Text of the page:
When you open the bidding with 1 of a suit and both your left hand opponent and your partner PASS, the one thing you know for certain is that partner does not have 6 HCP and will most probably not have any kind of fit with your suit. Even with 4 or 5 HCP points partner might well decide to give you a weak raise with 4 card support, just to get in the opponent's way. Now when your RHO bids you should get out of the way and pass with most flattish hands like this
Now you should look to take your chances in defence of whatever contract opponents land in. They now have the advantage because they also know your partner is very weak and should play you for the outstanding high cards. On the other hand if your hand is distributional you should bid again with something like:
Fewer points but better shape.
Again, if you have a competitive auction where both sides are bidding but one opponent is particularly pushy it's probably because they are very short in your suit. The corollary therefore is that the other opponent is marked with the length in your trump suit and you should plan the play of the hand accordingly.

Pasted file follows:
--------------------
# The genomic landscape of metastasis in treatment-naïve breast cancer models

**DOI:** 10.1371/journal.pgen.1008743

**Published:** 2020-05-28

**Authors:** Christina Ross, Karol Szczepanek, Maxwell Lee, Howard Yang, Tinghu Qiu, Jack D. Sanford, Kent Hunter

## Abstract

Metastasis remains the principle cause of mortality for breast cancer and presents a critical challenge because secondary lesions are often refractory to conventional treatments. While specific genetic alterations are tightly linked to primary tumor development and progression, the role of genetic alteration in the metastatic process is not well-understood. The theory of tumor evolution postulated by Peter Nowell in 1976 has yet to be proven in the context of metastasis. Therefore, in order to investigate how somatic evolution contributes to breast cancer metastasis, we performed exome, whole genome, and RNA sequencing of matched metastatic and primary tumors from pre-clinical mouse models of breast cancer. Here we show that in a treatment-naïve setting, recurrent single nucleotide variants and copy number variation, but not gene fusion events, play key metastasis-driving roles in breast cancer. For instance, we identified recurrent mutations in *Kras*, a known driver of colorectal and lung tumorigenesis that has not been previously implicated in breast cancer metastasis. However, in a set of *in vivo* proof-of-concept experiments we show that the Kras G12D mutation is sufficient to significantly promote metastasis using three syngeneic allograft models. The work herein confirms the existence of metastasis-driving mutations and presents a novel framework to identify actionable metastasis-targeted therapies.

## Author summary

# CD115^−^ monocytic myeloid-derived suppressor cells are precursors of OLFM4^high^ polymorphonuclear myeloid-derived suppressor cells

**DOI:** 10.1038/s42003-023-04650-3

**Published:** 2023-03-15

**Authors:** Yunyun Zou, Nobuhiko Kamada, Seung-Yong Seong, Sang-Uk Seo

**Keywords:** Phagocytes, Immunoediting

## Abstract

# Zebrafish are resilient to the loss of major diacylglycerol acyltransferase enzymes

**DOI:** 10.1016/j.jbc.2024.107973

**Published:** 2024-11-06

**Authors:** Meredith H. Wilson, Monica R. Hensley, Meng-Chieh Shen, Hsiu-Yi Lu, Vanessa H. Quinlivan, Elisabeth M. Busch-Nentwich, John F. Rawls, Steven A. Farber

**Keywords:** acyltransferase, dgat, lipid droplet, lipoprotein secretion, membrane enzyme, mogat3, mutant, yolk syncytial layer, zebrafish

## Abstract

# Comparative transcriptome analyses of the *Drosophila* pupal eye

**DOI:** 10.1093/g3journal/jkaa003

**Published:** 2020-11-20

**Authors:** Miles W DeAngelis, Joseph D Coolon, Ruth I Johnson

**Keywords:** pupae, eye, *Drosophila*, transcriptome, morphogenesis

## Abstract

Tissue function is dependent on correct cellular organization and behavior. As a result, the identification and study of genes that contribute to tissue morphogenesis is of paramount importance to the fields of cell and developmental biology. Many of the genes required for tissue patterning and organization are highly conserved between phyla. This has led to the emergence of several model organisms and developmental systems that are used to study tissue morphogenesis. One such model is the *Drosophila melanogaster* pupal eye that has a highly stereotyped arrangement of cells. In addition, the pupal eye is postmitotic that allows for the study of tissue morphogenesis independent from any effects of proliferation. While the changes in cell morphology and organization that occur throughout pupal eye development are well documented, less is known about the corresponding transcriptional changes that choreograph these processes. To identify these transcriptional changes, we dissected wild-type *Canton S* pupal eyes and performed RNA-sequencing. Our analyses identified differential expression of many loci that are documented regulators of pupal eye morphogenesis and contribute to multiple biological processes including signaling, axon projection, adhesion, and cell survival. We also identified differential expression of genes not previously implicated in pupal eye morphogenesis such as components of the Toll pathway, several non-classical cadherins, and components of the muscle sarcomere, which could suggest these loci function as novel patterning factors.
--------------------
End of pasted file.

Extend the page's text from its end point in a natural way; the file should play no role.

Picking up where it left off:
Similarly if an opponent is very quiet even though his partner is bidding in a competitive auction, you should deduce that they have no fit in their suit and so the side suits will probably break badly for you if you become declarer.
It's also true that if both opponents bid against you in a pre-emptive fashion and you hold 4 of their suit, partner will almost certainly be void in that suit, with a possible singleton at most. This should influence your high level decisions towards bidding on in a tight corner.
There are lots of little inferences around during the auction. Listen to them. Make use of them. Do NOT, whatever you do, decide that as you don't have much in your hand you can just go to sleep. If you do, you will lose endless match-points as a defender. Always concentrate on the auction - even with a Yarborough.